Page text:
When Francis Kong was five years old, his father sat him down and told him he had two choices in life- he could be a physician or he could be a failure. From that time on, his sole focus was on getting into medical school.
Along the way, he kept meeting people who asked him what he wanted to do with his life. What was his passion? What inspired him? He didn’t know it then, but these people turned out to be his mentors. People who played a key role in him finally finding his true vocation.
Francis ended up going to medical school in Dublin, Ireland because an Irish-American friend of his convinced him that it would give him a great international experience. At the end of his second year at the Royal College of Surgeons, one of his professors told him that he should go and have fun on his spring break because once he was back, it would be heads down with no time off for many years.
So, together with a couple of medical school buddies, he boarded a 747 to Barcelona, Spain for what he hoped would be two weeks of fun in the sun. As they attempted to land at the Barcelona airport, the plane experienced what Francis thought was turbulence – followed by a failed attempt to land. Shortly after that the intercom came on and the pilot made an announcement – but it was in Spanish. The only thing word he could understand was one that was being repeated over and over: “Emergencia, emergencia.”
As he looked around the cabin, he found that his fellow passengers were all either crying or praying. Something very bad was going on – but he didn’t know exactly what. Finally, a flight attendant answered his call button and told him that the landing gears were stuck and that they were going to attempt an emergency landing. The smoke you see out the window, the attendant told him, is actually fuel – they are emptying the fuel tanks, so we can minimize the explosion when we land.
Explosion? Explosion!!! As they circled around and approached the landing strip again, the horrendous possibility was brought home when Francis looked out the windows and saw fire and rescue trucks lining both sides of the runway as far as he could see.
Medical school was not my dream
He thought, just how is it that I ended up on this plane at this time and in this circumstance? It hit me then that me going to medical school as not my dream–it was someone else’s. At first, he thought, “I was angry with my parents for making me do what they wanted. But then I realized that I was to blame, that I had not had the courage to do what I wanted to do.”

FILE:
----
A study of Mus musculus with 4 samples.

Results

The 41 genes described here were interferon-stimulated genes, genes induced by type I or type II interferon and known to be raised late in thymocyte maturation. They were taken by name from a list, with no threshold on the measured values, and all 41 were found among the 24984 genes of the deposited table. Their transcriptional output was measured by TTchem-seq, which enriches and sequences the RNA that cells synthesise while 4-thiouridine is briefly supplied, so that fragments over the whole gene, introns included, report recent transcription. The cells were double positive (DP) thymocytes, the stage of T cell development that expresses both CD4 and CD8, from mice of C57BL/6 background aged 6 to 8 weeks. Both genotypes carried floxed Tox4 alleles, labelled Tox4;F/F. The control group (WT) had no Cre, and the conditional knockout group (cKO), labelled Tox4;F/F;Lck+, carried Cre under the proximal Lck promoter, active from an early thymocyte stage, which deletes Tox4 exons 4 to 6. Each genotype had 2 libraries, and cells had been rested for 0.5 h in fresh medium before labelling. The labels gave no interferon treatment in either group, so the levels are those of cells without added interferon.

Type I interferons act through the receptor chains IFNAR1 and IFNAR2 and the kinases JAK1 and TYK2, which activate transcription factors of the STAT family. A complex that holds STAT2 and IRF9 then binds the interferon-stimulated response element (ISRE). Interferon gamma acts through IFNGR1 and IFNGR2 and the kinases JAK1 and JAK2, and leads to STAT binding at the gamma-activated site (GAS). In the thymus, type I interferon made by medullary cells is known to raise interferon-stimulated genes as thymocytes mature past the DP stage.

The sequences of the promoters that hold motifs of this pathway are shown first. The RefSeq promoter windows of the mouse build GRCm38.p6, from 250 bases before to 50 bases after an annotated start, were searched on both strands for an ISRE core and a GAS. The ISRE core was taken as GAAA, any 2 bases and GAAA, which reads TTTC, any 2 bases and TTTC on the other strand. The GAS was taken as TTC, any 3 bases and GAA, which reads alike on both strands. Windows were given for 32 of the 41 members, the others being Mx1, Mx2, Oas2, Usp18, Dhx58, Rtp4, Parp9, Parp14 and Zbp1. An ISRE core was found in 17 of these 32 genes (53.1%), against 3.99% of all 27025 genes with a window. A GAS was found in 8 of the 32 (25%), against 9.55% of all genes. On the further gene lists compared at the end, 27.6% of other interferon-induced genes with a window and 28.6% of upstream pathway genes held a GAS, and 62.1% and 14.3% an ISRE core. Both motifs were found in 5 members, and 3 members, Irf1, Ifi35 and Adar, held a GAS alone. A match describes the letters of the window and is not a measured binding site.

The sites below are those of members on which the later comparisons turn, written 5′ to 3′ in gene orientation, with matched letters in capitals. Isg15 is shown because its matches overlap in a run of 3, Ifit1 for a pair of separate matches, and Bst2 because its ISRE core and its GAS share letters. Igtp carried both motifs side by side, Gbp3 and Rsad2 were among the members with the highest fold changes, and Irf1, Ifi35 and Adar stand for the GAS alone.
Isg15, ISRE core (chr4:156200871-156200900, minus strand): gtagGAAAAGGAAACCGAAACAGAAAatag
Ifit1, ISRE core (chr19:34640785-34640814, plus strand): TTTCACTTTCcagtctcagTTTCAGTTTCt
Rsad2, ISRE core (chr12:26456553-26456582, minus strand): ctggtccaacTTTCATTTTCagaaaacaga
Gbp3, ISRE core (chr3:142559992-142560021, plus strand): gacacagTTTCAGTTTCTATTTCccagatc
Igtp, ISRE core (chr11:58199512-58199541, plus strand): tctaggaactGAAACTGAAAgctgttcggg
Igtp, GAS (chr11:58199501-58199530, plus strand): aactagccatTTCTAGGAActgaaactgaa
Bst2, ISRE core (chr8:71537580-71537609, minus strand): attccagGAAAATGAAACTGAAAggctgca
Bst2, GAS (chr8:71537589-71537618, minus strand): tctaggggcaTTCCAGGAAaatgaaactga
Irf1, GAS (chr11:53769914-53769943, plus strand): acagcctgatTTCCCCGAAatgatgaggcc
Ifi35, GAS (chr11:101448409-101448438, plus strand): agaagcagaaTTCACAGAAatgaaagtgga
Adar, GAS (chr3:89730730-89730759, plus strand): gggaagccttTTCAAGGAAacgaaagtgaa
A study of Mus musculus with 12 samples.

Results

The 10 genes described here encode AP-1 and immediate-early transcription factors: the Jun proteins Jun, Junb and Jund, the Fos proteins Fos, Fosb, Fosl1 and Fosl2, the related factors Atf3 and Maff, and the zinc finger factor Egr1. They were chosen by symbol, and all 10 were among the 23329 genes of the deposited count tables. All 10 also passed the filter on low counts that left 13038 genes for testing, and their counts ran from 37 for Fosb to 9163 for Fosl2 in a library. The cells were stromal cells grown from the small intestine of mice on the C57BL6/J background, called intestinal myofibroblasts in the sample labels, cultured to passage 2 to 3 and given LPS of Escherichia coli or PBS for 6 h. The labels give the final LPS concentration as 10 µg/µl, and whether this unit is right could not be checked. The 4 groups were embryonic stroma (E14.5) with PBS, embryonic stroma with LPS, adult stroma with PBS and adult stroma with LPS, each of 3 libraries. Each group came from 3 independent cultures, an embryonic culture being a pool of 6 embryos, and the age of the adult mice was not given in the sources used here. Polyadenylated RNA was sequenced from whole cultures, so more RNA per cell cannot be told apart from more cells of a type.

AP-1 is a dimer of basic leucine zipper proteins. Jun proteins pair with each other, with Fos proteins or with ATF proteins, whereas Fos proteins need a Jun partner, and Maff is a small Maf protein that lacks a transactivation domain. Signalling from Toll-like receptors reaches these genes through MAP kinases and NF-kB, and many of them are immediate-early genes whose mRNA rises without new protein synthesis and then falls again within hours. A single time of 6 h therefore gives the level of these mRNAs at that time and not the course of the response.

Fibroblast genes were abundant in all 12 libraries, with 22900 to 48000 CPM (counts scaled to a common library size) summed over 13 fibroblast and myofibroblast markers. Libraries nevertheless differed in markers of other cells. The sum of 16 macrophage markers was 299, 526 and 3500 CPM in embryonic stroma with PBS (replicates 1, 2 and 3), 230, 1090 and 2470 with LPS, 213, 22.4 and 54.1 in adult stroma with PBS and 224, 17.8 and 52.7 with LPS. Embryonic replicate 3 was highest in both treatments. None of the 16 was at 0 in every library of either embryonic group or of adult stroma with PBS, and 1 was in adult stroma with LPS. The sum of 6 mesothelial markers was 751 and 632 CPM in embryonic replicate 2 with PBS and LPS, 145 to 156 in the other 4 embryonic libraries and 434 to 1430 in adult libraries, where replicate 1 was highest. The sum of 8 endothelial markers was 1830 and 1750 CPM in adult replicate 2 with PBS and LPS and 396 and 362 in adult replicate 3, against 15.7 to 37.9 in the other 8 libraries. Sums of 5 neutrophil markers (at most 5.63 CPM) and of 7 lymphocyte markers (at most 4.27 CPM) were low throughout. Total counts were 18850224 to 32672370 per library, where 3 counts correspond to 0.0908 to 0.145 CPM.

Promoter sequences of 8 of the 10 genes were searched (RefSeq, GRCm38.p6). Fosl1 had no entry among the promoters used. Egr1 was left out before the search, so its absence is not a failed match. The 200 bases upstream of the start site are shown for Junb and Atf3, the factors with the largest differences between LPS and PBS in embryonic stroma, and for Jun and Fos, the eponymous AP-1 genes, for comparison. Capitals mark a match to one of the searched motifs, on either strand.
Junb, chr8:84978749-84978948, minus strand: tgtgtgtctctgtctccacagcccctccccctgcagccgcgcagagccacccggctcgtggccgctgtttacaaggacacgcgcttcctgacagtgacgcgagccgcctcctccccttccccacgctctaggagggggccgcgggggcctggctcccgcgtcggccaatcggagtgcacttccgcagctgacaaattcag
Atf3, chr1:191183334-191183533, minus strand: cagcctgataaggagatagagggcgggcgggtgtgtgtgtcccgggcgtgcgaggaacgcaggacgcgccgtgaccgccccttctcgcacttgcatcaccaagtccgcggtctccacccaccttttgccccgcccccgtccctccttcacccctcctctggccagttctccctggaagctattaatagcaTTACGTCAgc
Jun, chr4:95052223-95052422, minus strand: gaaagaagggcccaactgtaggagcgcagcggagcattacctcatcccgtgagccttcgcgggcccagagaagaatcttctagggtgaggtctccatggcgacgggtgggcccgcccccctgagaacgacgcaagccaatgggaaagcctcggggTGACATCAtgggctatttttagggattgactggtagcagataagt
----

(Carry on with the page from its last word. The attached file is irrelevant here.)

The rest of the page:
During the final descent, time froze for Francis. The plane was eerily silent because the engines shut off for lack of fuel. People all around him were holding each other and quietly crying or praying or both. No fuel. No landing gears. Fire trucks all around. A crash seemed inevitable. In those last few seconds, Francis saw in his mind’s eye, his mom, his dad, his sisters and the faces of all of his mentors.
“I told them I loved them very, very much. I thanked them for all of the gifts they had given me in my life. And I said, ‘goodbye’ – I am so sorry I had to go now.”
And then, they were on the ground.
Francis survived his near-death experience but life for him would never be the same. When he returned to the states, he made it a point to meet with all of the mentors he had visualized when he thought he was going to die. He told them his story and thanked them for the help they had given him
He eventually returned to medical school and became a pediatrician. But after two years of practice, he hung up his stethoscope permanently. He has learned that what he really loved was innovation, technology and the business side of healthcare.
He formed Edge in College and learned how to mentor young people on a large scale. Then in 2012, he founded Edge Interns to help young people figure out what their dreams are and help them to make them come true as early as possible. There were 5 interns in Edge’s first year, now there are more than 330 from very prestigious institutions round the country.
The interns are invited to participate based on three factors:
- They are highly motivated to do good work
- They are passionate about something – it doesn’t have to be medicine or any other academic field
- They are strong team players
Francis takes a deep interest in the lives of all of his interns, helping them to acquire new skills and hone nascent ones. The majority of his interns are premeds, but he also has students interested in other fields, such as design.
For employers, like me, the Edge Intern experience is virtually risk free. Francis finds you the best match he can from his pool of interns and he works with them (and you) to be sure the experience is beneficial to both parties. If the intern needs guidance or discipline, he will handle it. If the intern needs to be replaced because the fit wasn’t good, he makes it painless. There is a small monthly fee (for 3 months) for having an Edge Intern and you pay a small percentage if you hire one (about 50% of interns end up getting hired).
Although no one would wish such a terrifying near-death experience on anyone ever, I can’t help but think that the world is a better place because Francis experienced and then survived a plane crash.